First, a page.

Twitter Upsets Rivals to Win Thursday Night Football Streaming Rights

The National Football League on Monday named Twitter its exclusive global partner to live-stream 10 Thursday Night Football games during the 2016 season.

Twitter reportedly beat out some of the top content and social media providers for the contract.

It will live-stream the games for free to more than 800 million registered and unregistered users over mobile phones, tablets, connected TV sets and personal computers, while CBS and NBC will broadcast the games, which will be simulcast over the NFL Network.

The NFL and Twitter, which have been partners since 2013 through a partnership called “Amplify,” also will broadcast in-game highlights from Thursday Night Football and pre- and postgame Periscope feed from players and teams.

“This is about transforming the fan experience with football,” Twitter CEO Jack Dorsey said. “People watch NFL games with Twitter today. Now they’ll be able to watch right on Twitter Thursday nights.”

Taking the Long View

Twitter did not outbid other technology companies but was actually one of the lower bids submitted, a source familiar with the company’s strategy told the E-Commerce Times.

The company plans to continue to invest in live-streaming video content.

“Twitter is where live events unfold and is the right partner for the NFL as we take the latest step in serving fans around the world live NFL Football, NFL Commissioner Roger Goodell said.

The announcement follows last fall’s exclusive live-stream of a special Wembley Stadium game in London between the Jacksonville Jaguars and the Buffalo Bills over Yahoo. It reached more than 33.6 million views and 15.2 million unique viewers across all devices, according to the NFL.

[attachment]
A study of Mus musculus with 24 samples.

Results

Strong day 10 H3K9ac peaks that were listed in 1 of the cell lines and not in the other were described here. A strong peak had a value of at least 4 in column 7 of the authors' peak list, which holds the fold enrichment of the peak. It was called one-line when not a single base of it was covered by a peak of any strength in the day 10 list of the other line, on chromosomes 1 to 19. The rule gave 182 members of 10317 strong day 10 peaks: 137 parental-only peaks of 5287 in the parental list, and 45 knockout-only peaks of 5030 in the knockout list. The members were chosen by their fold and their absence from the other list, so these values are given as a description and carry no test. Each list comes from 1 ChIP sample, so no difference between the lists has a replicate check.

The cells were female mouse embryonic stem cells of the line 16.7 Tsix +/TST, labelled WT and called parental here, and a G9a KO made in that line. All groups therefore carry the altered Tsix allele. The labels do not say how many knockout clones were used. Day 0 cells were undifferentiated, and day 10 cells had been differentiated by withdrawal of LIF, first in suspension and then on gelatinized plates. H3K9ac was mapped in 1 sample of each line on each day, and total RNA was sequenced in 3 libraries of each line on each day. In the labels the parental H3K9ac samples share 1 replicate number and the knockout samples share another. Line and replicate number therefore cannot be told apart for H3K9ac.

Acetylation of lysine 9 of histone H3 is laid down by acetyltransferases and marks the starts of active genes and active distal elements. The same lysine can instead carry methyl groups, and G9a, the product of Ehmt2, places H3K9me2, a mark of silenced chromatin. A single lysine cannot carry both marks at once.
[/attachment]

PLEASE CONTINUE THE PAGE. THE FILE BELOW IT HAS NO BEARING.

The league, which already offers live regular season games on DirecTV satellite and online as well as on-demand games over the Web for a fee, has been working to expand its presence on various video content providers as the viewing habits of millennials move away from traditional television.

In March, NFL Films announced the premier of All or Nothing, a behind-the-scenes documentary of the 2015 Arizona Cardinals series to be available exclusively on Amazon Video.

Proving Ground

The deal is potentially very lucrative for Twitter, but it must demonstrate that it can pull off the live-stream with few technical glitches, which may prove to be a challenge, said Charles King, principal analyst at Pund-IT.

“That certainly won’t be easy. Successfully streaming live video is no easy task,” he told the E-Commerce Times. “But the combination of live NFL action and Twitter could put a new spin on football that is every bit as dynamic as a properly thrown spiral pass.”

It’s not clear how the NFL deal would improve Twitter’s relationship with its user base, according to Jim McGregor, principal analyst at Tirias Research.

“Broadcasting NFL games is definitely something new and unique, but it may be too far of a stretch and not really the interactive or community experience you would expect from Twitter,” he told the E-Commerce Times.

Ratings Increase

Under the agreement, CBS and the NFL Network will televise the first half of the season, and NBC and the NFL Network the second half. CBS and NBC will provide their lead broadcasters and production teams for the games. The NFL Network also will broadcast eight late-season games, including a mix of Thursday Night Football, Saturday games and other games to be determined later.

The Thursday Night Football games on CBS and the NFL Network (and over-the-air stations) averaged a 7.9 rating and 13 million viewers in 2015, up 59 percent and 61 percent, respectively, from 2013, when the games were only on the NFL Network, the NFL said.

Thursday Night Football games attracted more than 199 million viewers during the 2015 season, according to Nielsen figures, representing 78 percent of all television homes and 67 percent of potential viewers in the U.S.

David Jones is a freelance writer based in Essex County, New Jersey. He has written for Reuters, Bloomberg, Crain's New York Business and The New York Times.